Although the identity of the artist is not known, the portrait can be identified as portraying a man named Bichuan, mentioned in all of the colophons attached to the painting.1 The earliest date appearing in the colophons is 1832, which probably indicates the date of the painting. Bichuan then requested inscriptions from many of his friends, up to 1836; there is not a consistent sequence among the dates because some writers chose to add their comments on leaves that already bore earlier inscriptions.
Bichuan wears a dark blue scholar’s robe and sits on a bench with scroll in hand and teacup beside him. The tree growing immediately above his head is a Sophora japonica or Scholar Tree. Appropriately enough, it grows even in inhospitable environments, those with air pollution, poor drainage, compacted soil and drought, suggesting that true scholars survive and continue on their chosen course even under the most adverse conditions. Garden rocks appear on either side of him and an elegant pavilion is on the right, housing a marble-topped table supporting a gu-shaped vessel displaying a leafy camellia branch. Wutong trees frame the pavilion, while a brazier for tea-water and banana-palm leaf fan stand ready for use at their base. A servant cleans an ink-stone toward the left margin of the picture while long-necked birds fly above.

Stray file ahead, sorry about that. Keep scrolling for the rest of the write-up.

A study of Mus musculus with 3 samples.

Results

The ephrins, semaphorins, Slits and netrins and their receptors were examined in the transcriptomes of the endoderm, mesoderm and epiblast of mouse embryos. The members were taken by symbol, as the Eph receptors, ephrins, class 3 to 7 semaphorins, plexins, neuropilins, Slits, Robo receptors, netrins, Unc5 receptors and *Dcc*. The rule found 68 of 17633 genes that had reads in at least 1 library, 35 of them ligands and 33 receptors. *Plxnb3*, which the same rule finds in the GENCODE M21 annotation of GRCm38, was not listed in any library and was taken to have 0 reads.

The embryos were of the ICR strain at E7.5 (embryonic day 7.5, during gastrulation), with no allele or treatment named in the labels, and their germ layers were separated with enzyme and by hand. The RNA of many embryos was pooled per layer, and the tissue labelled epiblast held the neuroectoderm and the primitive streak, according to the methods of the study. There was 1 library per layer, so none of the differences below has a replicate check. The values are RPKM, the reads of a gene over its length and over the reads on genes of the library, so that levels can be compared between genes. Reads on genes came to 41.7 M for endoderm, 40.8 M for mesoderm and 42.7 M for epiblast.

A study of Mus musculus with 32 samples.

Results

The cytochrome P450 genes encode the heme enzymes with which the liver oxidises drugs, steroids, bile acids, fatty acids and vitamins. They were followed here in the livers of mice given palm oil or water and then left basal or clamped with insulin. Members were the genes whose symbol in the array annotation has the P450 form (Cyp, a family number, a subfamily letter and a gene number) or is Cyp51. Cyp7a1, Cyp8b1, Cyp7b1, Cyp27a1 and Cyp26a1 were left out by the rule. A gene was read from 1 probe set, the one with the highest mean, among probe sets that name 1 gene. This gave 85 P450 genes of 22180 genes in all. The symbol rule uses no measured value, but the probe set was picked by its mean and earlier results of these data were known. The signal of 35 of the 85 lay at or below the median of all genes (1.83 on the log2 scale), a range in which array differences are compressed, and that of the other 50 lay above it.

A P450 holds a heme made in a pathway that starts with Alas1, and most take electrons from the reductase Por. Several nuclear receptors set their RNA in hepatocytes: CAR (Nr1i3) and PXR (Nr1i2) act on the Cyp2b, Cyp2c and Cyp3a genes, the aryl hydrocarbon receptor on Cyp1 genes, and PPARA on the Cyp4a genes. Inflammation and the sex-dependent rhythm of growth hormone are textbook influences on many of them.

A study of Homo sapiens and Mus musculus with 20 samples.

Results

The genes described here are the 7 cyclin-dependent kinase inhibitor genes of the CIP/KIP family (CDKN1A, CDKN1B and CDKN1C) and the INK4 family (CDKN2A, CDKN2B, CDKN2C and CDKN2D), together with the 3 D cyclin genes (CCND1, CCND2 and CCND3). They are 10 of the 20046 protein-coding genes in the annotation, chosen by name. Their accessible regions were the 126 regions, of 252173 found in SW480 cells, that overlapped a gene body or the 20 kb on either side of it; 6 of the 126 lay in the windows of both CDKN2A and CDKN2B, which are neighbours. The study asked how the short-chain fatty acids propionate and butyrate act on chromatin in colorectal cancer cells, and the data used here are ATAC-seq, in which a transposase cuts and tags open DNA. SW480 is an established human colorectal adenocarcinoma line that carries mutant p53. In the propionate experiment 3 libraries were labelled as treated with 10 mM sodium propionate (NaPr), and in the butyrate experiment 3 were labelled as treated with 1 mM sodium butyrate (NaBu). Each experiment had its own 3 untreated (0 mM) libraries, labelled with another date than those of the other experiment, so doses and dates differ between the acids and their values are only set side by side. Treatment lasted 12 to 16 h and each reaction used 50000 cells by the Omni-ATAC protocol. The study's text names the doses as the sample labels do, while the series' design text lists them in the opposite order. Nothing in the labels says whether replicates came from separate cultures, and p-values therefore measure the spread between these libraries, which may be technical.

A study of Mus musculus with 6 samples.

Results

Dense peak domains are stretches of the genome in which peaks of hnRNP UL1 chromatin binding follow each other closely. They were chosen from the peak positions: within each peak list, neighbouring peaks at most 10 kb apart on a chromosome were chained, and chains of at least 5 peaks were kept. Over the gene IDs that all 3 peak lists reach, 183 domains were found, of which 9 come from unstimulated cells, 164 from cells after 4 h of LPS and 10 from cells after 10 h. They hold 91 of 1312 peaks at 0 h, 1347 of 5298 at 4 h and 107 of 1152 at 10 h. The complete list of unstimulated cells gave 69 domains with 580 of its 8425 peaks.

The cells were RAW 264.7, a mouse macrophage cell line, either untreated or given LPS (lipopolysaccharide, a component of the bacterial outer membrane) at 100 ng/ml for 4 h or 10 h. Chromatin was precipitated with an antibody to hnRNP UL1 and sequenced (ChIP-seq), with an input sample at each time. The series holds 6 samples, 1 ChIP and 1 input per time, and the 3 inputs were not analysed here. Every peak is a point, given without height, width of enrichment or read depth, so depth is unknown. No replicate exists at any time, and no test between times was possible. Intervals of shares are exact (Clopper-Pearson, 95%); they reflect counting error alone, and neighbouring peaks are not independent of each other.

The painting is intended to embody many of the delights of the scholarly life—food for the mind as well as the eyes, enjoyed within a controlled and protected environment that is perfect in every respect. Would that we were all so privileged!
1. A monk named Ruche (d. 1864) had the by-name of Bichuan and conceivably could be the sitter of this portrait. (See Zhongguo meishujia renming cidian, Shanghai, 1991, p. 190). However, Ruche died at an age “over 70,” meaning he would have been in his early 40s when the first colophon to the album was written, quite younger than the image in the present portrait.